A substantial part of my role in the TD Ventures team is reviewing and vetting startup partnership opportunities for the bank, either for our innovation lab prototypes or wider corporate initiatives. Having engaged with nearly 200 startups and run five Collision Days — Shark Tank-style pitch events with our partners at Communitech — I’ve had the opportunity to meet numerous companies with innovative solutions, platforms, and technology. In turn, this has led me to make key connections between the bank and startups that have the potential to transform experiences for TD customers or employees.

For a startup, achieving a partnership with a bank is hard. Really hard. Sometimes the idea isn’t the right idea for the bank, sometimes they have the right idea but at the wrong time. Often it’s both the right idea and the right time, but executive sponsors need time to get comfortable with the idea of partnering with a newer, and smaller, company than they’re accustomed to working with. Building a relationship is an important part of the startup’s pitch. No-one gets a deal on the first demo.

This is why my ability to broker relationships with the right people helps play a key role for these small businesses. Those 200 startups I mentioned? Introductions have been made to more than 70 corporate teams, and 30 of them have turned into business engagements, which include trials, experiments, RFP inclusions, and commercial proposals. High profile commercial integration for the mass market is still some time away.

Make no mistake: our internal teams are eager to find innovative ways to deliver value to customers and the bank. However, there are organizational challenges in co-ordinating resources to make a partnership work, particularly when we’re trying to deliver in line with existing (and well-established) product roadmaps.

We also take a very careful approach when introducing new partners to the bank, being cognisant of the bank’s risk appetite and its commitment to customer data safety and security. Partners that use cloud-based systems, or that touch any personally identifiable information (PII), are considered higher on the risk scale and face additional scrutiny. An 18-month engagement cycle is not uncommon to review and test a startup partnership.

While we’re gearing up the machine to work with a startup, we still want the startup to grow and prosper. Our legal team found a novel way for us to give something back to help build a relationship by sharing some our experience, capabilities, and resources, at no cost.

Patents are a critical way to protect innovation and IP (intellectual property), two hallmarks of promising startups. However, the cost to secure a full patent can be significant — it can easily reach $30,000 or more over the course of a single filing. For many startups, this kind of cost can be prohibitive when they’re already stretching every dollar to build and grow their business.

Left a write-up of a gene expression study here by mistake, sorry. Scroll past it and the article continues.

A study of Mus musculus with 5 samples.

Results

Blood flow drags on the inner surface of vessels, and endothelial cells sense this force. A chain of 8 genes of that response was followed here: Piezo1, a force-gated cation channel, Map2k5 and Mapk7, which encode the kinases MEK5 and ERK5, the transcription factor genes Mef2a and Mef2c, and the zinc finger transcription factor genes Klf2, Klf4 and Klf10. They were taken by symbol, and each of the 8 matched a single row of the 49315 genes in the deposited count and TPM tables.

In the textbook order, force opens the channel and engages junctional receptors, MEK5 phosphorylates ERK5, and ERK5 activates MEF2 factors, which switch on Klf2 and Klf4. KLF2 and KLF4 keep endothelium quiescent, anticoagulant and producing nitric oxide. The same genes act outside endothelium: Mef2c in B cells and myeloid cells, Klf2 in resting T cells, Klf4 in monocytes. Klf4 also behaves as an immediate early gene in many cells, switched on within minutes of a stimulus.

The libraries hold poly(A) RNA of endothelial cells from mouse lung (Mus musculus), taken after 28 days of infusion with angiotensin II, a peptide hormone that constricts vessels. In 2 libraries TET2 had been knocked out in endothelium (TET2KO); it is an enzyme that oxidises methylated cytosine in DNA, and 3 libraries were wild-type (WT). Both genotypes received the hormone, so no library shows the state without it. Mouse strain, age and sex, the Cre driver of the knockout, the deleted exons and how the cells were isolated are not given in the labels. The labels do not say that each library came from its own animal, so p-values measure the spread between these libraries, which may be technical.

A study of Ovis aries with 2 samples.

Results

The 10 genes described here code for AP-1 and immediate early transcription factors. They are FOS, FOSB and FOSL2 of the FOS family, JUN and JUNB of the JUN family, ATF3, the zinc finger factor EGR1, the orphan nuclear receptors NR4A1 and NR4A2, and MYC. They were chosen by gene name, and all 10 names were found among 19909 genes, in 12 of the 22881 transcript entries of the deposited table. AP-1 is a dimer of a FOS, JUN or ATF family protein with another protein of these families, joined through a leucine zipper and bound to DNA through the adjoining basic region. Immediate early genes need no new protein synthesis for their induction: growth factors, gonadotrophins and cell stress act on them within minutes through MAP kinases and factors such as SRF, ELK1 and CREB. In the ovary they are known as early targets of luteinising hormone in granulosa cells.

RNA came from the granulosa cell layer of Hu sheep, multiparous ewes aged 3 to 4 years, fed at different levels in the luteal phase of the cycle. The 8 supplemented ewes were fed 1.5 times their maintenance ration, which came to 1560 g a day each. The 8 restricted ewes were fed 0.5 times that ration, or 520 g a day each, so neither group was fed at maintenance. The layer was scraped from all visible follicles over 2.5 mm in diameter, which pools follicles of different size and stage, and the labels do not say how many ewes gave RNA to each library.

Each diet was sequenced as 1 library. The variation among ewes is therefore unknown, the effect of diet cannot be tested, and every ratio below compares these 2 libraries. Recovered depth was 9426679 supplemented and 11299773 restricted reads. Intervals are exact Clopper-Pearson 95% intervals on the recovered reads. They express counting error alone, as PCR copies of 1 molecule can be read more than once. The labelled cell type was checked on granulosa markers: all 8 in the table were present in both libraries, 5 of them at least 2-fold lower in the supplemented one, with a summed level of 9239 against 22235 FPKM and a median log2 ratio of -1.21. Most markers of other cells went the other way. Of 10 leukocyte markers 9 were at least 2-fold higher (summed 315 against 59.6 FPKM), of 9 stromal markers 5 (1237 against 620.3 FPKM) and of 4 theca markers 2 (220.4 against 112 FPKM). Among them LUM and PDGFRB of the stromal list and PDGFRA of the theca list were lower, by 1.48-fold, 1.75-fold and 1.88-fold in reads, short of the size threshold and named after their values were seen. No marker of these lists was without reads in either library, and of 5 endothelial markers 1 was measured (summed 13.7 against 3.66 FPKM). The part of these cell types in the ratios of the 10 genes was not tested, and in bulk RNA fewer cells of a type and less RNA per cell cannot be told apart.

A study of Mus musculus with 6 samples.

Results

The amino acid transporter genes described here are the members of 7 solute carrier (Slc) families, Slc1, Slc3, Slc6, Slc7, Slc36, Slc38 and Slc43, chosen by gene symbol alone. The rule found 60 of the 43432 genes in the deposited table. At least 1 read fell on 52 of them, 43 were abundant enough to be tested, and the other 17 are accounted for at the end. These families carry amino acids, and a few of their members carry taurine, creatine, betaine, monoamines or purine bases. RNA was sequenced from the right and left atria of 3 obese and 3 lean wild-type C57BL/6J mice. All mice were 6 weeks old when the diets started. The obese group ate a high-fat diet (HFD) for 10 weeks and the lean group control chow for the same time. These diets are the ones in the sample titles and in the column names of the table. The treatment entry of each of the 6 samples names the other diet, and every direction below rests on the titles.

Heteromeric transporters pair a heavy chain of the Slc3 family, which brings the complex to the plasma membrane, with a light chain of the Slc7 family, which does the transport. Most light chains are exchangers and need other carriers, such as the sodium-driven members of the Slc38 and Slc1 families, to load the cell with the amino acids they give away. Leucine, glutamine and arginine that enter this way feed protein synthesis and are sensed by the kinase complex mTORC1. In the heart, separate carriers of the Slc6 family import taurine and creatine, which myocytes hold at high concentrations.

In 2017, the TD legal team created its Patents for Startups program, the first non-equity fund to be offered by a North American bank that covers the patent application costs for early stage ventures. TD receives no rights to use the technology as part of this program. It’s a way to support startups and build strategic relationships with companies that TD may want to partner with in the future, while helping them to be in a stronger legal and technological position.

I’ve used this program successfully as a tool to help deepen relationships with a number of key startups where the bank sees strong potential for a future relationship. We don’t offer this though to everyone; sometimes we offer the program proactively, and sometimes startups ask us if they can join the program.

Basically, we look at two criteria for eligibility:

1. This is a startup company with a novel solution that would benefit from patent protection.

2. The startup is a prospective future partner of TD, and there is a line of business that is interested in engaging.

For TD, the Patents program enables us to enter into real and valuable relationships with high-potential startups, and can be done much quicker than other forms of partnership. It has been a terrific way to give back to the tech community, while also building high-potential connections that may lead to a future integration.

Most importantly though, for the startups, this program has real value and the feedback we’ve received has been overwhelmingly positive. It has enabled companies to either secure a critical first patent, or to upgrade a provisional patent to a full patent without sacrificing capital.

The biggest challenge, honestly, has been convincing the companies involved that the bank takes no stake in their IP. TD does not receive any financial, technological, or IP benefit, and we don’t even see what the startup is filing. Once we’re over this hurdle, and the startup sees the (lightweight) agreement attached to the program, we’re in good shape.

The TD legal team is, in my experience, one of the most (unexpectedly) progressive parts of the bank. Perhaps I shouldn’t be surprised — they understand better than anyone the importance of securing IP. Legal has shown true agility and ability to support and adapt the process to meet the needs of the startup community, which has been tremendously beneficial to building relationships with some of Canada’s most promising new companies.

It was exciting to announce the first three startups that are part of this program. We want this program to be even bigger. As we continue to explore partnership opportunities, we’ll also be looking more actively for Patents for Startups candidates. Let me know if you’re one of them.